How to Read Guitar Tabs

Knowing how to read guitar tabs is often more useful than standard musical notation because the greatest majority of guitar music is written in tabs, or combines both staff and tablature, one line below the other.

Reading guitar tabs is very simple. There are six horizontal lines, each line represents a string, the upper line is the high E string (the thinnest one), following accordingly are B, G, D, A and the low E (the thickest string).

names of guitar strings

The numbers on a line mean what fret to play. The numbering begins from the nut towards the guitar bridge. A 0 number is an open string.

With this method you have the straightforward visualization of what string and at which fret to play.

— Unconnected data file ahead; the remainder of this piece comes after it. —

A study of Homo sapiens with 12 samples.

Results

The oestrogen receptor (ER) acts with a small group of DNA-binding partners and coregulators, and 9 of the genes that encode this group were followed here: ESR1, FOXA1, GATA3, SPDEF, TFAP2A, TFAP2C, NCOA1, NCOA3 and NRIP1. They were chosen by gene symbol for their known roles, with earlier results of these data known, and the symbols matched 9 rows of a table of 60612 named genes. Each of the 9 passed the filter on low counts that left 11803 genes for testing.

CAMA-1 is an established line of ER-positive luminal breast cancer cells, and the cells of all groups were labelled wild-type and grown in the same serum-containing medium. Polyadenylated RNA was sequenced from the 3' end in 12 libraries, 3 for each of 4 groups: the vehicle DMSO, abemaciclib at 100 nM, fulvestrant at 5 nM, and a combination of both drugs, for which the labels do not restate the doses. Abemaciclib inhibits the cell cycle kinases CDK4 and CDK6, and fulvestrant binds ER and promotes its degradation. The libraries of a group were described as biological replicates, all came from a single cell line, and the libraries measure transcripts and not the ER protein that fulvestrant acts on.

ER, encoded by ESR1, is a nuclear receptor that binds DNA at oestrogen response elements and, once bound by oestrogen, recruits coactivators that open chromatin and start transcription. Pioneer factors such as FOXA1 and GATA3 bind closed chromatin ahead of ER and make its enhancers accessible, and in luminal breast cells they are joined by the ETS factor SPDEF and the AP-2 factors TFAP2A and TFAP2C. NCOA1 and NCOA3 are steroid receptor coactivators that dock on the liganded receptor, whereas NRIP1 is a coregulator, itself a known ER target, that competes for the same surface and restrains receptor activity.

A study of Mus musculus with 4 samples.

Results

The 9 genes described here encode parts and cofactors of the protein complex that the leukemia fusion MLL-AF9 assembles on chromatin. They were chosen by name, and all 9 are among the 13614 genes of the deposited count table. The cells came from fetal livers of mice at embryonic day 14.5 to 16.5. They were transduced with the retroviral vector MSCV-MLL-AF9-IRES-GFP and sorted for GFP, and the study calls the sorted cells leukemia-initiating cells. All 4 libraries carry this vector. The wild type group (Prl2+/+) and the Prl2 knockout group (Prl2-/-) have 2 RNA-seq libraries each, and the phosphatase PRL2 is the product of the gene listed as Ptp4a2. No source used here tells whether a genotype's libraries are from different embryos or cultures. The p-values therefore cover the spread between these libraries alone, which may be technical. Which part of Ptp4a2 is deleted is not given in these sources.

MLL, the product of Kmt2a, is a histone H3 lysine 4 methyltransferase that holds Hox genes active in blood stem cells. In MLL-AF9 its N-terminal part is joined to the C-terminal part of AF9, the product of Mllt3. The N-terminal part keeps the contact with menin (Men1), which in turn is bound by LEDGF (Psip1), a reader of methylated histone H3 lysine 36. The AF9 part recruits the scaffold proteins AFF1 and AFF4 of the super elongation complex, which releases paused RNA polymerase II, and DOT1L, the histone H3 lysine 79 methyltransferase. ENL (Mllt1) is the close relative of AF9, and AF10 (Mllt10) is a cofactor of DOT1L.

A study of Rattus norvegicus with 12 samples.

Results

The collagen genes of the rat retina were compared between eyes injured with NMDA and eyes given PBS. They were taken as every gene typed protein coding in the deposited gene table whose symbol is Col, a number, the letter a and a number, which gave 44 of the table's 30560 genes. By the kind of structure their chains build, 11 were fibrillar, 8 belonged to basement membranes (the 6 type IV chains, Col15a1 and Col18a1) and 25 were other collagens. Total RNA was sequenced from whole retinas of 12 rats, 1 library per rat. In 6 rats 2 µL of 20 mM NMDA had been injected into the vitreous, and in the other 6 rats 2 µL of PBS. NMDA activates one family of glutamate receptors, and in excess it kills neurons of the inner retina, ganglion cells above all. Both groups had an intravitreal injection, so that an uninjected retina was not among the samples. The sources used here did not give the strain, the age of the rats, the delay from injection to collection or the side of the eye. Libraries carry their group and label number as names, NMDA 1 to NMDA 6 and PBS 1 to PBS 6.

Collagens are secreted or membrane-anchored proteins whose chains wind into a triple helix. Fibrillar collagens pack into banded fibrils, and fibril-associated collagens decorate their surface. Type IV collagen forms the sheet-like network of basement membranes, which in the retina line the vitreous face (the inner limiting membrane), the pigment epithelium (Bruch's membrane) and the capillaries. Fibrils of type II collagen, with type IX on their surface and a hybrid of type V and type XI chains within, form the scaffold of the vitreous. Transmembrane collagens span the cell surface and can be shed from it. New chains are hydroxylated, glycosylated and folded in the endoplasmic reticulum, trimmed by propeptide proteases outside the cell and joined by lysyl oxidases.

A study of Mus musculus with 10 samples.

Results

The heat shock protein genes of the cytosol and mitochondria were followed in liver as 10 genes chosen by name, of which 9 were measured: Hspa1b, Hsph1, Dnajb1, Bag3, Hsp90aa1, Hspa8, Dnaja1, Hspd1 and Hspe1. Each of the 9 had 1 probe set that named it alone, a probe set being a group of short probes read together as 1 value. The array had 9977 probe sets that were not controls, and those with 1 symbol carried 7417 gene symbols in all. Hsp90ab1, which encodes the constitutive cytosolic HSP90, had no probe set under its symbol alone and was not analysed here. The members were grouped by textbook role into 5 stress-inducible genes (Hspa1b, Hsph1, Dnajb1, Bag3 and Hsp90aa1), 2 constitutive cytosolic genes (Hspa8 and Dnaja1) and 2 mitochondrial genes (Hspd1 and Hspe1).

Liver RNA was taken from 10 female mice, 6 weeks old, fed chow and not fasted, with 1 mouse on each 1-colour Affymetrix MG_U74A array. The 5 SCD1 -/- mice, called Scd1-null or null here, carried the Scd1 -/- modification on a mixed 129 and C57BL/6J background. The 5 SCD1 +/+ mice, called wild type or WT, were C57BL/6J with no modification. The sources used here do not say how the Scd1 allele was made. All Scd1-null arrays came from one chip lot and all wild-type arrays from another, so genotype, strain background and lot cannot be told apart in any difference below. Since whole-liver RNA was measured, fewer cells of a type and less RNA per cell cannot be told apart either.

For instance:  

This tablature says that:

  • The first note should be played on the open D string.
  • Next play second note at the third fret on the same string.
  • And after that, the third note at the fifth fret on the G string.

When you see a few vertically aligned numbers on the tab lines,

Vertically aligned numbers in guitar tablature

play these notes simultaneously.

Besides locations of notes on a fingerboard, guitar tabs often contain symbols and notations that provide additional information about techniques used in a song and other useful information.

You don't need to learn these symbols right now, I'll introduce them inside my lessons when necessary. Although you can use the comprehensive chart of guitar tab symbols as a reference to any unknown tab notation you'll encounter elsewhere:

Note that in guitar music the strings are often also identified as numbers from 1 to 6.

This approach especially comfortable when the strings are tuned to alternative pitches.